How hard is it to form a coalition? To maintain cooperation? To make compromises, concessions, in order to reach agreements that get things done?
These questions are being tested here in Britain’s new coalition government, just as they are in other coalition endeavors taking place in the world today. And there are many of them – from the US-led coalition’s efforts in Afghanistan, to Iraq’s attempt to form a coalition government, to initiatives within many US states that require bipartisan cooperation to address urgent issues.
These questions may well resonate with individuals as well as governments. What does coalition require of each of us in a democracy? What changes will we need to be willing to make in thought and action in order to work with others who hold different views? Does the rhetoric of insult and defamation serve the greater good? Are we building walls that separate us from one another?
Many are disenchanted with politics out of weariness with the constant backbiting that seems to go along with it. Yet there’s an urgent need to support and pray for those in power who are charged with monumental tasks that lie well beyond the arena of partisanship.
We need solutions to the problems and problem solvers to implement them. This could involve a willingness to learn the art of compromise, of mutual support. Relationship building leads to problem solving. To achieve this, the balance may need to shift toward respectful listening and away from gusty opining. That’s not to downplay the value of healthy debate, but rather to highlight what it may take to learn this art – an art that affects just about every avenue of daily life.
Marriage is an example of coalition – two individuals agreeing to work together for something greater than themselves. Everyone in any partnership knows there are times when goodwill is tested. But what strengthens the relationship is understanding the potential of the coalition, and a desire to make it work. Writing of marriage, Mary Baker Eddy said, “Mutual compromises will often maintain a compact which might otherwise become unbearable” (“Science and Health with Key to the Scriptures,” p. 59). And this applies in situations beyond just marriage. When a growing culture of respect underpins the desire to reach agreement, this sustains the agreement when it happens.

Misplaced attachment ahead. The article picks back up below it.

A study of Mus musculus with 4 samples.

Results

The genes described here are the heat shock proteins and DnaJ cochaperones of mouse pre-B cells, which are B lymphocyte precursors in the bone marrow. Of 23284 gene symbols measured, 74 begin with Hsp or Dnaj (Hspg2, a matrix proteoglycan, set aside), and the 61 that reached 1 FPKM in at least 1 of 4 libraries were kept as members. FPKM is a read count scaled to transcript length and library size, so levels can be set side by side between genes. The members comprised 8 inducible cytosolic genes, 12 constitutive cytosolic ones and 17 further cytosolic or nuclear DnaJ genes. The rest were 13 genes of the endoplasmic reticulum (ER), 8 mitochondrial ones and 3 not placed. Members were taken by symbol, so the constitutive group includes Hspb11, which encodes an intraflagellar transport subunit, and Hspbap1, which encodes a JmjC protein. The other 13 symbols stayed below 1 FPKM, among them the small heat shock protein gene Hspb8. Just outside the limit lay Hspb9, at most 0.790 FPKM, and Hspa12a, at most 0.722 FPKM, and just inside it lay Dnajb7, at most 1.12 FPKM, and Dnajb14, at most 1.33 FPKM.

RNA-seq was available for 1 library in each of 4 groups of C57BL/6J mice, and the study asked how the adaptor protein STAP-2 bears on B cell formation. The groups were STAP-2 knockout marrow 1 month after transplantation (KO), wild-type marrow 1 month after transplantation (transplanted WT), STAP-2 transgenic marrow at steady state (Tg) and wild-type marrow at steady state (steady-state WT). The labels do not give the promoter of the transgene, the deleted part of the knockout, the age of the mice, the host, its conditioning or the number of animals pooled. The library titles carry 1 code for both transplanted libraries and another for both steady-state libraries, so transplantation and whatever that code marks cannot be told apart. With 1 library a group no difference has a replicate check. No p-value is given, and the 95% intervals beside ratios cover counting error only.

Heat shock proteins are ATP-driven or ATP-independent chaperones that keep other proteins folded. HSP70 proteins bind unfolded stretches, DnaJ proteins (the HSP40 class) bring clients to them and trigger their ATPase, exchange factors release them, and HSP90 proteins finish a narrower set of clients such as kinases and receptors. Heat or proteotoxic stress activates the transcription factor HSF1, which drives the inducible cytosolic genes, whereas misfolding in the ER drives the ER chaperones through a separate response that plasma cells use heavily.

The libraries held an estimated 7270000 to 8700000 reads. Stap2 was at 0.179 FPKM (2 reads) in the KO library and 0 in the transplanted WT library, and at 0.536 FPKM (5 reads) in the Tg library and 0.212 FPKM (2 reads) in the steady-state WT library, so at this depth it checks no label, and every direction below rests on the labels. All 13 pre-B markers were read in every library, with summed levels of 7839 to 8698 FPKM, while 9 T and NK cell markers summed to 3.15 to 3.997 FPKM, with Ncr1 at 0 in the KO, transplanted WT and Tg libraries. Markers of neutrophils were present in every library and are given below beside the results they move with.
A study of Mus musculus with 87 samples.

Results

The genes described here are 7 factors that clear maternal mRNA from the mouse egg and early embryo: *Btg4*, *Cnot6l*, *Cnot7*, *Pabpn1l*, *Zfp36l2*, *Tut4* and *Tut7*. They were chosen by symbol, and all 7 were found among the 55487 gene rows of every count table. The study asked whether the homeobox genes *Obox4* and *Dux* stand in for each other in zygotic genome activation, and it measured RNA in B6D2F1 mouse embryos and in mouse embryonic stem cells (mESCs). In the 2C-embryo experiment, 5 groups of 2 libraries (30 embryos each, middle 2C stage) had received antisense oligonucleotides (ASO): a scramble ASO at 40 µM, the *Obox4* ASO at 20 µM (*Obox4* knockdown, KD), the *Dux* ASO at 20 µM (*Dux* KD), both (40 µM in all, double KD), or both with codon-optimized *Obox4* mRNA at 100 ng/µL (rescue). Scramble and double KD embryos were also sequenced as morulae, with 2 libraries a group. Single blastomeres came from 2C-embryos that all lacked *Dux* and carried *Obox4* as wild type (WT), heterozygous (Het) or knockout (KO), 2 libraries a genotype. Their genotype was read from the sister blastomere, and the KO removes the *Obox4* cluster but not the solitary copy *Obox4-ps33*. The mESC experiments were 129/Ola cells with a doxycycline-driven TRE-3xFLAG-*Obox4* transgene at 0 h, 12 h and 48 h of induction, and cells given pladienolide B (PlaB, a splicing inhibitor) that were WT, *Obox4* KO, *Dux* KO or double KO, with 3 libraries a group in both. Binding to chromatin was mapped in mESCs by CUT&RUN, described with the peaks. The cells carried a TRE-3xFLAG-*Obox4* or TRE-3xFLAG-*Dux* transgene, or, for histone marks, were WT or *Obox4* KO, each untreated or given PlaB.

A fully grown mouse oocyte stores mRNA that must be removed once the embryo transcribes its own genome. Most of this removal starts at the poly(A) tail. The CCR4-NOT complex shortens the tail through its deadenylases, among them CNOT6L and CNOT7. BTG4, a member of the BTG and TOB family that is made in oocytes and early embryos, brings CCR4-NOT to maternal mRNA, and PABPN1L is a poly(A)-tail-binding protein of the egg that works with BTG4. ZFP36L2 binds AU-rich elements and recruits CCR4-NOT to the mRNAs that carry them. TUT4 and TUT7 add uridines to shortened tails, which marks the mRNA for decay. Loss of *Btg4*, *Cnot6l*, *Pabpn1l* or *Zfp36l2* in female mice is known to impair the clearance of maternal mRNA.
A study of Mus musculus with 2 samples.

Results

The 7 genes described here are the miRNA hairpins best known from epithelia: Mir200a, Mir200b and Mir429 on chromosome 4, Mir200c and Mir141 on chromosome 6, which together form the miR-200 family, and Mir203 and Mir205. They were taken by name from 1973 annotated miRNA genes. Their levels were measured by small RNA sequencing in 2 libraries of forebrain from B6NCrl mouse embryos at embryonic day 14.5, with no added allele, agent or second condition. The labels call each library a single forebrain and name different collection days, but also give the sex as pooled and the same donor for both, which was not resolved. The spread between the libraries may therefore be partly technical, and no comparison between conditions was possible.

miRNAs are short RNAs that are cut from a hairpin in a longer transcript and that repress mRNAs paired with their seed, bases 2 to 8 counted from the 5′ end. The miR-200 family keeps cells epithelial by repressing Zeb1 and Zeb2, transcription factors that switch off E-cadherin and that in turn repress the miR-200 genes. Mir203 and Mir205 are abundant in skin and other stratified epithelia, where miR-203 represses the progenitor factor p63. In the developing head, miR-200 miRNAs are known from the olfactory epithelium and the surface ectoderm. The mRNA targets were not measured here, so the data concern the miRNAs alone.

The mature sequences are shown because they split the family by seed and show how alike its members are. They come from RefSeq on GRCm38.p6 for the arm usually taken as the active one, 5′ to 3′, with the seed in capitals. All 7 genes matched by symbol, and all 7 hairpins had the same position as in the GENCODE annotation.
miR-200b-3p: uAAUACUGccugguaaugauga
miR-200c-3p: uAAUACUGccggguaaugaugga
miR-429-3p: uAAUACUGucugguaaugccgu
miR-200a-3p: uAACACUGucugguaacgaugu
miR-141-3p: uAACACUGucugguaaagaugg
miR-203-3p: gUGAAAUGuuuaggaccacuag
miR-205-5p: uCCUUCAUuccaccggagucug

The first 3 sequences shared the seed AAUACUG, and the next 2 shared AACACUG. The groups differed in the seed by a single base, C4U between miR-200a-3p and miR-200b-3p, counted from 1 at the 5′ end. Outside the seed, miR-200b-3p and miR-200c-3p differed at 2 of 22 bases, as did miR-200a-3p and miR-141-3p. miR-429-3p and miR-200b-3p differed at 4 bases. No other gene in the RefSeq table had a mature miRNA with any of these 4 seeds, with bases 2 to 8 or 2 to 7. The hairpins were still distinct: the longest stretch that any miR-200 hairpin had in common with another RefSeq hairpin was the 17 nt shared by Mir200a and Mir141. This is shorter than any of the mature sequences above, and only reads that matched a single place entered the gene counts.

But often goodwill isn’t enough. We can’t do it on our own. The book of Ephesians in the Bible addresses the deep rifts that were fracturing society at the time of the early Christian church, and points to the healing power of the Christ to bring people together. It speaks of the “middle wall of partition,” that divides people, being “broken down” through the love of Christ. That wall could be defined in a thousand ways in our world today as whatever separates us from one another and makes cooperation seem impossible. But as the Bible states with such glowing intensity, the Christ is at work right here, dissolving the barriers and enabling us to see one another as we really are – the children of God. Our relationship with Him is the foundation of our unity with one another. And on this basis, the problems we face together can be matched by the solutions we act on together.
The beauty of democracy is that everyone is involved. In its highest sense it can be a democracy of prayer where each one is seen to be of equal value, where no one is left out or sidelined. Words of Christ Jesus describe this ultimate coalition: “Thou shalt love the Lord thy God with all thy heart, and with all thy soul, and with all thy strength, and with all thy mind; and thy neighbour as thyself” (Luke 10:27).
In prayer we reach out beyond ourselves and acknowledge the divine power that is present to reveal solutions to the most intractable problems. Even when viewpoints seem locked in opposition, another way forward can appear when hearts are moved to give up their fixed ideas, human will, animosity, and pride. And this is the concession that so often opens the door to cooperation.